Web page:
Savanna’s Act May Have New Life

A bill intended to improve resources when it comes to finding missing Native American women may have new life. 

Savanna’s Act, introduced and unanimously passed in the Senate by outgoing Senator Heidi Heitkamp looked as though it was done for. 

According to the Washington Post, an outgoing Republican Congressman blocked the bill in the House. 

Not allowing it to come to a vote. 

But now, one of Senator Heitkamp’s allies in the U.S. Senate says she will take up the bill. 

The Post reports Republican Senator Lisa Murkowski will reintroduce the legislation and that she has made a commitment to Senator Heitkamp to see it through. 

In a statement Heitkamp said quote “I know Senator Murkowski and many others in the new Congress will continue to carry on this important mantle and I’ll continue to be a vocal advocate.” 

The House is currently adjourned until further notice so it appears no action will be taken until the new Congress is sworn in January 3rd. 

The bill is named after Savanna LaFontaine-Greywind, a 22-year-old pregnant woman killed by a woman who wanted to abduct her baby.

Here is Senator Heidi Heitkamp’s full statement:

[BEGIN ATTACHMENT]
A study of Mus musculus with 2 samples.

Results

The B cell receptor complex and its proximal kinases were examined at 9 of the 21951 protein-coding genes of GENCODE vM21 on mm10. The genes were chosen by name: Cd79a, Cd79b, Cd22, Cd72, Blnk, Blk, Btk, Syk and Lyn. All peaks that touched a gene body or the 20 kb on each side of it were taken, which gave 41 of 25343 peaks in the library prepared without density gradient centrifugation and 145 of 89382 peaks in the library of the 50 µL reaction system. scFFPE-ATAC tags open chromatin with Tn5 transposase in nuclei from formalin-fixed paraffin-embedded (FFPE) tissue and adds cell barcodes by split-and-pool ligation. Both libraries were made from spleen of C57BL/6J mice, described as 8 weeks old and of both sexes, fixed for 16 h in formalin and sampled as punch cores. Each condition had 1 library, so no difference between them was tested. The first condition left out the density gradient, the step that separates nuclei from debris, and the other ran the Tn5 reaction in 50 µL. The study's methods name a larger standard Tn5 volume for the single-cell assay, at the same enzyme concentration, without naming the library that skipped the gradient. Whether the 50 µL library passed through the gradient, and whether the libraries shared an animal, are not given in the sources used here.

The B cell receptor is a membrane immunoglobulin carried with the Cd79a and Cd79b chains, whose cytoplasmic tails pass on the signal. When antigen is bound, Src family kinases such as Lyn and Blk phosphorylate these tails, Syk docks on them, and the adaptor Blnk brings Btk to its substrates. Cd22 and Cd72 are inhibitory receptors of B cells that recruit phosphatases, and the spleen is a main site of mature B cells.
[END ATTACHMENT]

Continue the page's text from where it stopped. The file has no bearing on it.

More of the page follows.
“It’s disappointing that one Republican member of Congress blocked Savanna’s Act from passing this year. But fortunately, Rep. Goodlatte won’t be around to block it in the new Congress. I’ve talked with Sen. Murkowski about Savanna’s Act and I’m so proud that she will reintroduce my bill in the new year. She is currently the lead Republican on the bill and she and I have worked closely together over the past six years to support tribal communities, starting with my first bill in the Senate to create a Commission on Native a Children, which became law in 2016. We have made great strides over the past several years to stand up for Native American families and children and protect them from violence. I know Sen. Murkowski and many others in the new Congress will continue to carry on this important mantle and I’ll continue to be a vocal advocate. We need to stand up and fight injustice to make real change — that’s what I’ve been working to do to stop the crisis of missing and murdered indigenous women, and I know we can soon get Savanna’s Act across the finish line.”